Riverton, Wyo. – A monument to nine Wyoming men who were lost in the October 24, 1944, sinking of the Japanese freighter Arisan Maru was dedicated in Riverton’s Veteran’s Park last week.
The Wyoming men were prisoners of war, crammed into the ship which was heading to Tako, Formosa. They were among 1,783 American POWs on board. The Arisan Maru was in the Luzon Strait and was in a convoy of other Japanese ships when American submarines attacked the convoy, not knowing that the Arisan Maru held American Prisoners.
To honor the memory of the men lost in that sinking, and especially the memory of the nine Wyomingites, a granite memorial was erected and dedicated.
Five families of the men were invited and four attended, including the family of Willie Schilling of Riverton. Also remembered at the event was the uncle of Dr. Kent SStockton, who lost his life in the South Pacific, but who was not on the ill-fated ship.
During the solemn ceremony, United States Flags were presented to the families. The event drew a large local turnout.
The story of the sinking of the Arisan Maru was chronicled in Prologue Magazine and is found on the National Archives website. The item on the Arisan Maru is copied below:
The Arisan Maru: A Navy Boatswain Survives
On the eve of and during the Battle of Leyte Gulf (October 23–27, 1944), intercepts and intelligence summaries focused upon the movements of “#1 Diversion Attack Force,” “#1 and #2 Replenishment Force,” and other sea, air, and land units. Occasional references to patrol boats, merchant ships, and convoys are found. On October 24, 1944, the following message was decrypted: “The Luzon Straits Force is assigned to 2 unidentified Convoys and the Naval Air Force is assigned to 2 other unidentified Convoys.”
One of these convoys may have been the Harukaze Convoy, which departed Manila for Takao, Formosa, on October 21, 1944. In that convoy was the Arisan Maru.
Boatswain Martin Binder was among the prisoners compressed into hold two of the Arisan Maru on October 11. There was standing room only. On the following day, the Japanese mercifully moved about 800 prisoners to hold one, which was partially filled with coal. Mercy did not, however, extend to providing water, and several died of heat exhaustion.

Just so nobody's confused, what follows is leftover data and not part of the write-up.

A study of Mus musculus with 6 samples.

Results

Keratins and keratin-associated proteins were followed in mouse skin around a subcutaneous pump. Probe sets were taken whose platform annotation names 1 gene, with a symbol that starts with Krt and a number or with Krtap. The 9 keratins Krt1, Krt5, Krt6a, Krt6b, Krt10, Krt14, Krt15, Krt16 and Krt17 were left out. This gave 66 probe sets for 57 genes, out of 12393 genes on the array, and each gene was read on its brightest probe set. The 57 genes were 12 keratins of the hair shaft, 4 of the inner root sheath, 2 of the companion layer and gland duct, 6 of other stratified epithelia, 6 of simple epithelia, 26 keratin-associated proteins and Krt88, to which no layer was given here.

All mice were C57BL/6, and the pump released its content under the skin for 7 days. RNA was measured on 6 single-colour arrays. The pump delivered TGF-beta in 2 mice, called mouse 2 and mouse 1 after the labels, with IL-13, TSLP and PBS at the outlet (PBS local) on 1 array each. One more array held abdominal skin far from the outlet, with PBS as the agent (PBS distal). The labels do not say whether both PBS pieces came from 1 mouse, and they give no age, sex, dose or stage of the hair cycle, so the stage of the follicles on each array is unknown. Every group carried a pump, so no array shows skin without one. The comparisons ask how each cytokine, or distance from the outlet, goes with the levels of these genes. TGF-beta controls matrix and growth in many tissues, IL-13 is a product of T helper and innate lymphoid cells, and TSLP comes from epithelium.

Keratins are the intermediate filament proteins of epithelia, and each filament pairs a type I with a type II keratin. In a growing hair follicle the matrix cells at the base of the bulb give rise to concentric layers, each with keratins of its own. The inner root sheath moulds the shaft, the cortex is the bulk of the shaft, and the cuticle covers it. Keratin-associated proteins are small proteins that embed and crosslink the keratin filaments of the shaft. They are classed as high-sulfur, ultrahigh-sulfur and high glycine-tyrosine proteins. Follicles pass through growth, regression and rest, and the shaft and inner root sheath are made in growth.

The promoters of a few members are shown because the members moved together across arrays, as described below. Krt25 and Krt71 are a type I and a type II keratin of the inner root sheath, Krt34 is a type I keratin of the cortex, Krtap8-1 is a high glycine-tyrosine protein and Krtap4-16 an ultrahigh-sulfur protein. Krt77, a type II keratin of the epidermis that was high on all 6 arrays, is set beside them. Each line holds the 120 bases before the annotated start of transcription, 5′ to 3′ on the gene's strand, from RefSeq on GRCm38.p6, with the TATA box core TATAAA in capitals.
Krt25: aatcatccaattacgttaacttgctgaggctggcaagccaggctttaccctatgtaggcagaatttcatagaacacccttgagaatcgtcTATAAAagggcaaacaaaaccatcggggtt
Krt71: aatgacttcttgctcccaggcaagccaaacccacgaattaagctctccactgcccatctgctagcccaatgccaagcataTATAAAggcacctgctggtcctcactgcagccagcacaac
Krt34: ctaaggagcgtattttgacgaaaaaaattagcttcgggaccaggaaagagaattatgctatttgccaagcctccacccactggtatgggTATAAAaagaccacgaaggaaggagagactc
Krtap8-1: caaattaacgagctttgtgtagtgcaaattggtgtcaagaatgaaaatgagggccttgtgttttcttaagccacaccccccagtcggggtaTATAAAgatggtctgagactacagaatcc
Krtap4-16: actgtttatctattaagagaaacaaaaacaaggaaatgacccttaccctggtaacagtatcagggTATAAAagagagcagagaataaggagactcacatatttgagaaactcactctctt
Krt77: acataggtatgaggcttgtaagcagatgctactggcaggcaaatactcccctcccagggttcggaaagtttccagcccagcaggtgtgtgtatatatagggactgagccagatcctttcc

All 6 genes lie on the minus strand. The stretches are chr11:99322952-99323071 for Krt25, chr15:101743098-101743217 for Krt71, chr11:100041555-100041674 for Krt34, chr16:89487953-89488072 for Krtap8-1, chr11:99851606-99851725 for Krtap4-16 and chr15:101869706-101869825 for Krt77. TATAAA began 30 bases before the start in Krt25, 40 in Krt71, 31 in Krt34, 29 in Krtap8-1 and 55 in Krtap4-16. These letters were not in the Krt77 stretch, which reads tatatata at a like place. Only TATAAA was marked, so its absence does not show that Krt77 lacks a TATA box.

To the surprise of the POWs, the ship took a southerly route, away from their Formosa destination, narrowly missing a devastating Allied air attack on Manila airfields and harbor. The Arisan Maru returned to Manila a few days later when it was thought safe to do so, joined the convoy, and departed on October 20.
It was nearly dinnertime on October 24. About twenty prisoners were on deck preparing the meal. The ship was near Shoonan, off the eastern coast of China. Binder and the others suddenly “felt the jar caused by hits of two torpedoes.” Arisan Maru stopped dead in the water. After severing the rope ladder leading down into the first hold, the Japanese abandoned ship. Binder was first to escape from hold two and assisted in lowering a ladder down to those in hold one. Ropes were thrown down to those in hold two, as well. Wearing life belts and clinging to rafts, hatch boards, and any other flotsam and jetsam, the prisoners struggled in the rough waters of the Pacific.
Japanese destroyers deliberately pulled away from the men struggling to reach them. Binder survived by clinging to a raft and was later rescued by a Japanese transport that took him to Japan. On October 25 a Japanese army shipping message was intercepted stating “that the Arisan Maru had been loaded with 1,783 men (presumably prisoners).”